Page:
Sandy Site Delights All
By John Hirtle
Atlantic News, Thursday, June 26, 2003
HAMPTON BEACH - What do you get when you bring together a group of talented artists and around 250 tons of sand at Hampton Beach?
Something that will delight the eyes.
The third annual Hampton Beach Master Sand Sculpting Competition began two weeks ago on June 13 not in the spirit of competition but in the spirit of cooperation. Fine silt sand required for the sculptors to carve their creations was brought in from a New Hampshire pond and was heaped on Hampton Beach. Local volunteers led by local sandsculptor Greg Grady got the huge "demo" piece underway, featuring figures from the famed "Harry Potter" books and paid homage to New Hampshire’s own late "Old Man of the Mountain".
As the sandsculptors arrived from places as far away as the Netherlands, each one pitched in and added their own unique addition to the sandy centerpiece. Plastic cylinders filled with sand soon gave way to towers, and plywood cubes changed into wizard’s chess pieces. Not all were there to compete - the competition is limited to twelve and a few had missed their chance. But they came anyway to lend a hand.
With Hampton Chamber of Commerce President "Doc" Noel sounding the official starting air horn on the morning of Wednesday, June 18, the competing sandsculptors were off in what could aptly be called performance art. Crowds gathered to watch rain or shine as the sculptors compacted their sand into forms and then began carving. A bewildering arsenal of implements were used, ranging from masonry and landscaping tools to items from the kitchen or drinking straws borrowed from a restaurant across the street.
Wednesday closed with the first aspects of the sandy sculptures taking shape above the forms, leaving people to wonder and guess about their final form. A pair of wings for an eagle? A tombstone? This guessing game drew back more spectators on Thursday, to see that the wings belonged to an angel and the tombstone was turning into a wheel.
Sand is fragile stuff though, as a section of "Bus Stop Daydreams" crumbled away on Thursday night, forcing its artist "Sandyfeet" to revise her sculpture quickly as the carving time drew to a close at noon. From 1 to 4 PM the sculptures were judged, the spectators getting to add their own opinions of which was the best sculpture for the People’s Choice award.
The awards that night drew a huge crowd to the Seashell Stage where Hampton Beach’s perennial favorites The Continentals were performing before and after the ceremony. With the help of Miss Hampton Beach, some $10,000 in awards were given out, counting up to the winning sculpture.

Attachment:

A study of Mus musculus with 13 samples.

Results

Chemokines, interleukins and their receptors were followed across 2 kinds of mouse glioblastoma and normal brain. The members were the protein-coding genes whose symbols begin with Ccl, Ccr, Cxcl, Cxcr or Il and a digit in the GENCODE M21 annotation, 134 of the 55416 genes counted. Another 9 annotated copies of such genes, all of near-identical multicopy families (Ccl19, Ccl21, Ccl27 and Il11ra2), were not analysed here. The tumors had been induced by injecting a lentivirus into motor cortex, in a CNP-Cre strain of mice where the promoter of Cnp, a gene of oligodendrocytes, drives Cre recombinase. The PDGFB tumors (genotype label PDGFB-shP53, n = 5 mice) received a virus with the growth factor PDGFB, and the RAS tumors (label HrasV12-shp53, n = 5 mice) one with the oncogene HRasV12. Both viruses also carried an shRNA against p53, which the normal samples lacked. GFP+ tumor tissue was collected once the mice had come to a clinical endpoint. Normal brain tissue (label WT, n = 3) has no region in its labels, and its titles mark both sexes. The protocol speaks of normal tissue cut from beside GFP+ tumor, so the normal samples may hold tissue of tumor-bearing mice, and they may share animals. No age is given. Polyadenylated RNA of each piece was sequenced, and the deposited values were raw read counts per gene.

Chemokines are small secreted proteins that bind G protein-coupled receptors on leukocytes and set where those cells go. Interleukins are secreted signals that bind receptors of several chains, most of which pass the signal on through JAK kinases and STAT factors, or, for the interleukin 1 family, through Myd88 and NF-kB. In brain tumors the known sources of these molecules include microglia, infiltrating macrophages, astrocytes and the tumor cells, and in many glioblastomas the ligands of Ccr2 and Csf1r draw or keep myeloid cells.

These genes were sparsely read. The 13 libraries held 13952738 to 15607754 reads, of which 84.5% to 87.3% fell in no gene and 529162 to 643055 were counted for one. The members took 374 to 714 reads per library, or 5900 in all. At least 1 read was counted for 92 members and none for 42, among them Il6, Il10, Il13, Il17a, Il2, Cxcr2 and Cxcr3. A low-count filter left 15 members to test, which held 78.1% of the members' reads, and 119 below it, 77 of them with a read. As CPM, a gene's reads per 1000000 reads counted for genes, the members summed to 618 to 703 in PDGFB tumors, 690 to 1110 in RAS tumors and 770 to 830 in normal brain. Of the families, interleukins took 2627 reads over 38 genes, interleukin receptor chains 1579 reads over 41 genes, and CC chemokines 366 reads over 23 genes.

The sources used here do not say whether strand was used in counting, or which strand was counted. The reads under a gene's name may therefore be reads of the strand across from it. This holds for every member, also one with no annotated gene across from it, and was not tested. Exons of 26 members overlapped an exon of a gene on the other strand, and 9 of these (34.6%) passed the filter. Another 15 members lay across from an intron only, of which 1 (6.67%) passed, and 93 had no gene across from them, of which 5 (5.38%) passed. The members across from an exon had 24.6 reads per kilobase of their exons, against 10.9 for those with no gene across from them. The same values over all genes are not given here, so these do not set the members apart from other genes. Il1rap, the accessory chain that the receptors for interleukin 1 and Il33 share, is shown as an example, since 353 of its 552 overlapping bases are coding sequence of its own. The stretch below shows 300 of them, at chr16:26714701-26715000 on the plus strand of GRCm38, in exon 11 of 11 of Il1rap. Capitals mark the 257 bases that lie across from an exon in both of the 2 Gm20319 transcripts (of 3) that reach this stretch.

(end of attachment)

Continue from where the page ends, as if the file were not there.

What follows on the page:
"Bee Careful" by Fred Mallet of South Padre Island, Texas took fifth place, earning him $500. It also won the Sculptor’s Choice award.
"One Armed Bandit" by Meredith Corson of Treasure Island Florida took fourth place, earning her $750.
"The Angel over Agony" by Justin Gordon of Groveland, Massachusetts took third place earning her $1,500.
"Asleep at the Wheel" by Dan Doubleday of Treasure Island Florida took second place earning him $2,000. Doubleday won the first place prize in the first Hampton Beach Sandsculpting Competition in 2001.
"Like a Fish in Water" by Marc Lepire of Charlesbourg, Quebec, Canada won the first place prize of $2,500. It also won him the People Choice Award of $500. His young son Matheiu would proudly parade his father’s huge check up and down the line of sandsculptures after the awards were given out and photos of his father and family were taken in front of the fishy winning sculpture.
With the awards given, the sandsculptors went on their way again, some heading off to a competition in British Columbia Canada. Their sculptures still stand for a time. Although they were slated to be taken down on Thursday, June 26, they were given an extension "Due to popular demand" according to Bob Houle of the Chamber. With the care of Bob Hannon the "Keeper of the sandsculptures" volunteers and other members of the chamber they will remain standing until Sunday, June 29.
Despite their attention though, the warming weather and fragile nature of the sandsculptures is already starting to show as they begin to erode away. Rain in fact helps keep the sand together - the baking sun and blowing wind will take their toll despite a regular dousing of water and a bit of Elmer’s glue which helps hold them together. On Monday morning the sculptures will be taken down and consigned to the Hampton Department of Public Works for use in their projects.
If you missed out of the event, visit our special sandsculpture page at www.BeachNewsNH.com to view images of the sandy masterpieces as they took shape.
Plans are already underway for next year’s sandsculpture contest slated to begin on June 11, 2004. If you are interesting in helping out be sure to contact the Hampton Chamber of Commerce at 926-8717.